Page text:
The world of Lorca is naturally imbued with the essence of his native Andalusia, the aching sense of duende that characterises much of his work and at first sight, The Faction’s version of Blood Wedding inhabits a similar realm. Martin Dewar’s lighting casts a warmly Mediterranean haze, guitar strings are plucked from afar and the design is stripped back to a border of sand around the edge of the New Diorama’s stage which has been reconfigured into the round. And in the earthen tones of the costumes, the Cassandra-like Mother foretells a tale of woe between two long-feuding families which are soon to be joined in matrimony in an attempt to force a happy ending.
But the heady scent of sexual desire lingers between the wrong people, vengeance lies heavy in the air and there’s a price that must be paid as fate winds its unwieldy way across all concerned. And in their ensemble-led physicality, The Faction – directed here by Rachel Valentine Smith – cultivate the sense of hermetically-sealed community in all its inescapable oppressiveness, ever-present observers from the sidelines and participants in the rituals of marriage. And in the midst of the hustle and bustle, lead performances come shining through.
Derval Mellett’s Bride radiates internal chaos beneath her carefully composed exterior as her passions burn for Jonny McPherson’s impressively rugged Leonardo. And Anna-Marie Nabirye’s Mother scorches with a bitter fire, of anger and resignation of the blood-soaked consequences she knows they cannot avoid. And smaller roles impress too: Laura Freeman’s servant, Lachlan McCall’s father, the attention to detail really comes through. But Gareth Jandrell’s new adaptation isn’t always as clear as it could be, especially in some of the directorial choices and given this is a company all relatively similar in age, it is a curious choice of play given the importance of the different generations – The Faction’s stripped-back aesthetic not always helpful here.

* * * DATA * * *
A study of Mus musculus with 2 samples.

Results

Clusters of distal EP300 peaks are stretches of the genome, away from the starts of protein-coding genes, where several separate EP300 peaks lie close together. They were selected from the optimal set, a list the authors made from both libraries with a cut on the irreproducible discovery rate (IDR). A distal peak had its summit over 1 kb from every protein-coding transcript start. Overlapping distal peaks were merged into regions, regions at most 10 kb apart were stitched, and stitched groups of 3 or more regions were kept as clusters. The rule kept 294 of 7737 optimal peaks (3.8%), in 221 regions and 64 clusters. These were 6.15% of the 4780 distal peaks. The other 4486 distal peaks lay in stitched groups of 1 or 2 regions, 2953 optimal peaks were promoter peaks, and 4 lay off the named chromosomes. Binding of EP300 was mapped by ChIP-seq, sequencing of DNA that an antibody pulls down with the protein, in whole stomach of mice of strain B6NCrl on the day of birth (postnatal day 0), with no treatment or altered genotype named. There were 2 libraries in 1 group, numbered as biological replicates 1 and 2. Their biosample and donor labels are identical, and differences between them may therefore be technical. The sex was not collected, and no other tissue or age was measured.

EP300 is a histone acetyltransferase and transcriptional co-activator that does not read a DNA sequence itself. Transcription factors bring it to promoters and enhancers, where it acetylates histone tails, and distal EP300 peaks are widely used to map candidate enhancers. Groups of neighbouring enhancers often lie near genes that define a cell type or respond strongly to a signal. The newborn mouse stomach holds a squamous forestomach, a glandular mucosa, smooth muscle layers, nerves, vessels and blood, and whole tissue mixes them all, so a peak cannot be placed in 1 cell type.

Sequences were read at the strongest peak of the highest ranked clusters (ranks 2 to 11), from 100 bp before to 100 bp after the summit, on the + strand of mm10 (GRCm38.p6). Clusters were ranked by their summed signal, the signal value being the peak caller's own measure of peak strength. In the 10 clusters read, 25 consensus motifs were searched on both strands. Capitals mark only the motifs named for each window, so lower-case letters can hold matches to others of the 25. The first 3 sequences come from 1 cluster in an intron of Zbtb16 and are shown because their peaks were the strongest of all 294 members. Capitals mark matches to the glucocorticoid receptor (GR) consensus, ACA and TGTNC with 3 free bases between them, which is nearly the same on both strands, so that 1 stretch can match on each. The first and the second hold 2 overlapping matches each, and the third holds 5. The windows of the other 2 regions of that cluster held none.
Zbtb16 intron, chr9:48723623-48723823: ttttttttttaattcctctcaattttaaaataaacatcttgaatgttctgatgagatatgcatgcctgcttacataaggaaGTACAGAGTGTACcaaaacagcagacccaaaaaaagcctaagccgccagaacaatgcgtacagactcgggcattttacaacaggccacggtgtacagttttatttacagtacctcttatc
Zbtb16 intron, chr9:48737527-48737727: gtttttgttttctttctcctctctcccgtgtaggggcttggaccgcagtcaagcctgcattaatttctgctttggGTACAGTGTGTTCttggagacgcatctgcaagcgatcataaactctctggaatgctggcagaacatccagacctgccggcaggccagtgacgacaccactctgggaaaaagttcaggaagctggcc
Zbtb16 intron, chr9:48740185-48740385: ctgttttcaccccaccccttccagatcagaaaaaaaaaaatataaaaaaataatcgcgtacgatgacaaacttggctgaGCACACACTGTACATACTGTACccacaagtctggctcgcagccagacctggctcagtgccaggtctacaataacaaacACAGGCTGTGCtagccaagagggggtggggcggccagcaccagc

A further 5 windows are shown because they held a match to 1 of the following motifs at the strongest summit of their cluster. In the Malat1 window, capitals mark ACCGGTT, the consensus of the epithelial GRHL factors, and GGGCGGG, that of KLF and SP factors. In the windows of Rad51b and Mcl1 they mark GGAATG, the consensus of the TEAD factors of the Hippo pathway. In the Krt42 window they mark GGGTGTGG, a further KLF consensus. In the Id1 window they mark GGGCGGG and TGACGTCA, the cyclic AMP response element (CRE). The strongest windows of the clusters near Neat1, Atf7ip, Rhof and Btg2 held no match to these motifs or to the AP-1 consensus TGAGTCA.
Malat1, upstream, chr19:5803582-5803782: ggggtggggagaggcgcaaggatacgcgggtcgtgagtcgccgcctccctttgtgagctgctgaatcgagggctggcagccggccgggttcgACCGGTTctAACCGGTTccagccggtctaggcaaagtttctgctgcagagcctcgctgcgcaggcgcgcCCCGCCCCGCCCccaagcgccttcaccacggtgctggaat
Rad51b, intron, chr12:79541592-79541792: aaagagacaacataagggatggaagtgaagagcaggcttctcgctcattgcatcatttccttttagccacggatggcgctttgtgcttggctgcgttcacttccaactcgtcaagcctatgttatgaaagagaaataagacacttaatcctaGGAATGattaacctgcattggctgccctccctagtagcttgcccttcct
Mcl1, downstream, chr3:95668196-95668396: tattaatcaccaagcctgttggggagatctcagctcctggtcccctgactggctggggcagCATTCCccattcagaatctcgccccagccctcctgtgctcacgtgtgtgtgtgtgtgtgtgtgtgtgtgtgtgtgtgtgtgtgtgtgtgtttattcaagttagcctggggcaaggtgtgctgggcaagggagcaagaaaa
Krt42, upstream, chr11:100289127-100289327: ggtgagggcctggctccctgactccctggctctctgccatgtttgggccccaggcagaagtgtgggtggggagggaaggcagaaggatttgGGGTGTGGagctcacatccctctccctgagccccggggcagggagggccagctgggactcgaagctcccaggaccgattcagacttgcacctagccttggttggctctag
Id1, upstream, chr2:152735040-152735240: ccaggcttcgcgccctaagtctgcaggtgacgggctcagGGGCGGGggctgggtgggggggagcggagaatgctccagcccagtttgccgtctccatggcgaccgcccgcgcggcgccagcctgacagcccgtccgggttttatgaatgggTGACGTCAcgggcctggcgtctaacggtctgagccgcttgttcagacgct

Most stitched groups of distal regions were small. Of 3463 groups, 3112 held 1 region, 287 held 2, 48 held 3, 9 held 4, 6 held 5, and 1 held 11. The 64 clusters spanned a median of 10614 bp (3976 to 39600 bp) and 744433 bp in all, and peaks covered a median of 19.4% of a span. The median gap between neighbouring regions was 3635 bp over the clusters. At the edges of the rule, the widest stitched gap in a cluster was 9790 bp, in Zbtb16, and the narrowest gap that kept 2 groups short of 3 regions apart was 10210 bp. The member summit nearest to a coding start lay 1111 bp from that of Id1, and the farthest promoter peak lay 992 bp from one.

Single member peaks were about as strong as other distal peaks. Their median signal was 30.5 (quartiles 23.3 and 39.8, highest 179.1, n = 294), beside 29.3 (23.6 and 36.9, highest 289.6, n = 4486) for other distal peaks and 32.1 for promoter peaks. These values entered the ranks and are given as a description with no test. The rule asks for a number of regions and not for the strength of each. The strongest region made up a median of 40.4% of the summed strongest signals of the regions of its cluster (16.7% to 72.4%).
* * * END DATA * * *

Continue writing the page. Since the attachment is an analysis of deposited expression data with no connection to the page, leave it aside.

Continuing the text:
And though the production starts off rooted in Spain, it doesn’t necessarily carry that Hispanic flavour through. Indeed the music has a folkloric quality that could be ascribed to the gypsies, and the interventions of the strapping Woodcutters and the Moon could come from a strange version of our own British countryside, an idea which takes flight with the striking embodiment of ‘Death as a beggar woman’ calling to mind something of The Wicker Man. This mythical twist makes the second half more engaging than the first despite its inherent strangeness, culminating in a focus on the women left behind as they play cat’s cradle scene and lament their men with desolate wails.
So an interesting interpretation, at least in the way that it played out in my head, and ultimately one of mixed success I think. But I have enjoyed being able to take in The Faction’s rep season for a second year and sincerely hope that this is a genuine annual institution in the making.